November 1, 2009 · 

The Daily Mail, 1st November 2009

which will require all those working with vulnerable groups to undergo an enhanced vetting procedure before being allowed to commence any relevant duties.”]The ISA is the corner-stone of the new Vetting and Barring Scheme in England, Wales and Northern Ireland,[1] which will require all those working with vulnerable groups to undergo an enhanced vetting procedure before being allowed to commence any relevant duties.The Independent Safeguarding Authority (ISA). was created after the Soham murders, committed by Ian HuntleyChildren and vulnerable adults are being put at ‘horrifying risk’ by a huge backlog of cases within the Government’s controversial new vetting system.

Insiders at the Independent Safeguarding Authority say the checking regime, which was officially launched last month, is already in ‘meltdown’.

As a result, those sacked for inappropriate behaviour towards children are free to take other jobs with youngsters.

Convicted paedophiles are also being allowed to escape entry on lists of those banned from working with the vulnerable, according to leaked emails seen by the Mail.

Last night, a whistleblower at the ISA said: ‘It’s utter chaos.’

An astonishing 11.3million – one adult in four – will eventually be under the watchful eye of the ISA, which was created in the wake of the 2002 Soham murders.

The system is intended to provide constantly updating lists of those who are banned from working with the vulnerable. It covers everyone who comes into regular contact with children or the elderly, through work or volunteering.

All must undergo criminal records checks to see if they should be placed on one of two lists – one will bar them from working with children and the other with vulnerable adults.

Employers and regulators also have a legal duty to pass on concerns about anyone they think could be a danger to those groups.

This would include anybody sacked or disciplined for inappropriate or sexual behaviour.
But there have already been so many ‘referrals’ from employers – who face a five-year jail sentence if they do not pass on the information – they are expected to take six months to process.

The delay means potentially dangerous individuals are free to apply for similar jobs until a decision is finally made on their eligibility.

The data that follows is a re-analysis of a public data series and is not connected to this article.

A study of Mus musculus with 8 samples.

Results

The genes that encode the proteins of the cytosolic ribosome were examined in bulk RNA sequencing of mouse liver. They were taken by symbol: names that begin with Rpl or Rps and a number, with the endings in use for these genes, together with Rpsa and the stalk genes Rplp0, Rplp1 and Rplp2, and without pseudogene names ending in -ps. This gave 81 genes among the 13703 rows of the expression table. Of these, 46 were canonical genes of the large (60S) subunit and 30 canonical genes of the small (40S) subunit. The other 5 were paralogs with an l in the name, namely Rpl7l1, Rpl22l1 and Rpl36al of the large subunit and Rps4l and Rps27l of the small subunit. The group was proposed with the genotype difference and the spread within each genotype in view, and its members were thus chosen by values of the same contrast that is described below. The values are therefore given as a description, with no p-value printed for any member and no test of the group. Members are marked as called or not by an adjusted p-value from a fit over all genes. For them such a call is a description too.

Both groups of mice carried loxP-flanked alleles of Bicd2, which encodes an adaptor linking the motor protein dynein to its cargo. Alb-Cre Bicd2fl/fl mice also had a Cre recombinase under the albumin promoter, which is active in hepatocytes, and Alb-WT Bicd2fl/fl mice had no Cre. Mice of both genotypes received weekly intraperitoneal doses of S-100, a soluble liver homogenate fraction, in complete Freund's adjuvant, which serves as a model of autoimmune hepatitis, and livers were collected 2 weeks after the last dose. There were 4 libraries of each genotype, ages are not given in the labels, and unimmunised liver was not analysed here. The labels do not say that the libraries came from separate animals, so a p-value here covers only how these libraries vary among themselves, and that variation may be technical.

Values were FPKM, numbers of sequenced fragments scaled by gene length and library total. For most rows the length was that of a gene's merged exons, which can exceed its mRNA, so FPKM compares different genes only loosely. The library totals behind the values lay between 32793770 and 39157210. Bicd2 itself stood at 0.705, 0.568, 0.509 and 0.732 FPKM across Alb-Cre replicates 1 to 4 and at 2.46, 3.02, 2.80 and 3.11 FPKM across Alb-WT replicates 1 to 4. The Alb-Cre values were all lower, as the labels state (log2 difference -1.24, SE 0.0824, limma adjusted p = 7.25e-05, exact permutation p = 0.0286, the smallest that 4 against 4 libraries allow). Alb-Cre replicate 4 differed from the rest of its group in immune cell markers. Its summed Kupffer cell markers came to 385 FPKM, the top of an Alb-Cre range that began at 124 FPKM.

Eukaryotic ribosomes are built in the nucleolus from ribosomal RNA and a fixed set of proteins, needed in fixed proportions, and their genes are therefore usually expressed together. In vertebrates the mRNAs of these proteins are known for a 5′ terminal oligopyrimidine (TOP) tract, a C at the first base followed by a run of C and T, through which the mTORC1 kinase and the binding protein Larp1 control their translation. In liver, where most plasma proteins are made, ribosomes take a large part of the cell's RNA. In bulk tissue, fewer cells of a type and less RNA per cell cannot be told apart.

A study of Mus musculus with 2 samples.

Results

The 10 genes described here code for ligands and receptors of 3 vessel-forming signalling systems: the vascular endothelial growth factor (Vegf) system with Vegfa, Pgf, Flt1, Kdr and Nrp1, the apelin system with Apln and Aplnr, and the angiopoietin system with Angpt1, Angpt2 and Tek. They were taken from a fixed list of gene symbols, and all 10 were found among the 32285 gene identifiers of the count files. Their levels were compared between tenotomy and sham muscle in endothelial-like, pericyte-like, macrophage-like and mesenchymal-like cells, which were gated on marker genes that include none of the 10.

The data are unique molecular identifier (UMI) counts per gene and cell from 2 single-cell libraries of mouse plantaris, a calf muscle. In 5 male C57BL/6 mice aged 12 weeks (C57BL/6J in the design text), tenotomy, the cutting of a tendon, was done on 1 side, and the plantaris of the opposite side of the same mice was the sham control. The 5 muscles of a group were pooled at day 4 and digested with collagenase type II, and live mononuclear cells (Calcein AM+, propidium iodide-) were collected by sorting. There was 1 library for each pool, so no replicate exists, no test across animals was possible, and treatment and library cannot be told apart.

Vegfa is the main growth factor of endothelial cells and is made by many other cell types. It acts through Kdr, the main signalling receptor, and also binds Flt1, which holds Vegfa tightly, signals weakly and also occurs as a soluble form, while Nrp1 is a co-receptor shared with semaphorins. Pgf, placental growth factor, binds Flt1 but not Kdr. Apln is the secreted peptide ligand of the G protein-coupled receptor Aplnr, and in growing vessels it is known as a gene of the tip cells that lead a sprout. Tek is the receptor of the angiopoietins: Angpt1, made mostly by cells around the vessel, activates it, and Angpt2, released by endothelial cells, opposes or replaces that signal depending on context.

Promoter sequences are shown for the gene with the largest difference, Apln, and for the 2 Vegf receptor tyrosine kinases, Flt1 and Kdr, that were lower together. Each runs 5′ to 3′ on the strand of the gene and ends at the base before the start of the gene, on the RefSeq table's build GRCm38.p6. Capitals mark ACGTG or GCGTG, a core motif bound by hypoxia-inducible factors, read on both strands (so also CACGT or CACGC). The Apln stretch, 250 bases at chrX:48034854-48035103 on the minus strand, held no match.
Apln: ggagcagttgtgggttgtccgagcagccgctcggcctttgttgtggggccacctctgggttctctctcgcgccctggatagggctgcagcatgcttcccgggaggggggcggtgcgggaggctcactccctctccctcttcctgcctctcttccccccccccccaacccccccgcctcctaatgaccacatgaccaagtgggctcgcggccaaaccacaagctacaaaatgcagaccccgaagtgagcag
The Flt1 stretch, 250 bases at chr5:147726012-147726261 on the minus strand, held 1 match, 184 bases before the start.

The ISA source said: ‘It might be too late by then. Because of this backlog decisions aren’t being made for months – the risks involved are horrifying.’ Leaked emails reveal separate chaos over the two lists of banned groups, which replace the likes of List 99, the Protection of Children Act list and Protection of Vulnerable Adults.

In all bar the most exceptional cases, anybody banned from working with children was also expected to be outlawed from contact with vulnerable old people.

Ahead of the system going live, staff wrote to those on the previous lists – including the likes of Ian Huntley – telling them they were now being considered for both new lists.

They were told they could appeal, but if they failed to do so they would be added automatically. The ISA received so many appeals that to consider each one would have meant failure to meet the October 12 deadline, so they approved them all.

Instead of going onto both lists, the individual was only considered for the list they were previously on.

An email sent in September, a month before the system went live, notified staff of the change in policy.

The ISA employs 250 staff at its office in Darlington. But for every 15 case workers who submit reports on individuals, there is only one line manager to make the final decision.

A separate report into the ISA and seen by the Mail reads: ‘There is a backlog of work because there are not enough people to make decisions. Staff construed this as a potential safeguarding risk.’

Last night shadow home secretary Chris Grayling said: ‘This whole scheme has to be scaled back into something that offers sensible protection for children and the elderly.’